Adopt a simple style, and convey the message clearly. For instance, if the email informs of a change in transportation arrangements, state the reason upfront and provide details in the following paragraphs. Do not leave it for the reader to guess the main point or theme from a descriptive paragraph that starts with the background of the issue and then moves to proposed changes, without clarity on whether the “proposed" changes are actually final.
Provide details, without leaving anything to assumptions to avoid common communication problems. For instance an email that reads, “Hope you received the proposal. Please call me when you are free, to discuss" leaves the reader confused as to which of the many proposals he has received is the one referred to by the sender. Rephrasing it as “Hope you have reviewed the proposal I sent last Monday regarding enhancing network security. Please call me when you are free, to discuss on the matter" lends clarity.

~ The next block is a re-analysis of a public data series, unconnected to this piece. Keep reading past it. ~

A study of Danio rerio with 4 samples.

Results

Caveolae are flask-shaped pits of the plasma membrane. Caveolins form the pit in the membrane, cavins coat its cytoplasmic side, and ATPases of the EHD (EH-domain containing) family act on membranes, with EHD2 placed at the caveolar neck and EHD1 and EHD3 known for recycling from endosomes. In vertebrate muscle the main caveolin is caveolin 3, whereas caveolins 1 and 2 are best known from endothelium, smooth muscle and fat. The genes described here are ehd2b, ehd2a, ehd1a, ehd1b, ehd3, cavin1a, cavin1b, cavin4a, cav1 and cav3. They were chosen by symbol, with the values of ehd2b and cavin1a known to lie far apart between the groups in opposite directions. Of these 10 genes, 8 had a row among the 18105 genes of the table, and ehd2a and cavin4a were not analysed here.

Make proposals enticing enough for the recipient by focusing on what the recipient needs to do and the gains resulting from such action. If the email becomes long and complicated, leave the details to a next email to follow, after the recipient expresses interest.
Make only point per email, so that the recipient may reply promptly and directly. For instance, mentioning about the need to hold a discussion and in the same email referring to an unrelated report may delay a response, as the recipient needs answers for both cases in order to reply. It may also stifle a reply, or make a reply cumbersome, if the need to correct the report requires sending a copy to other staff, when the discussion may be confidential from such staff.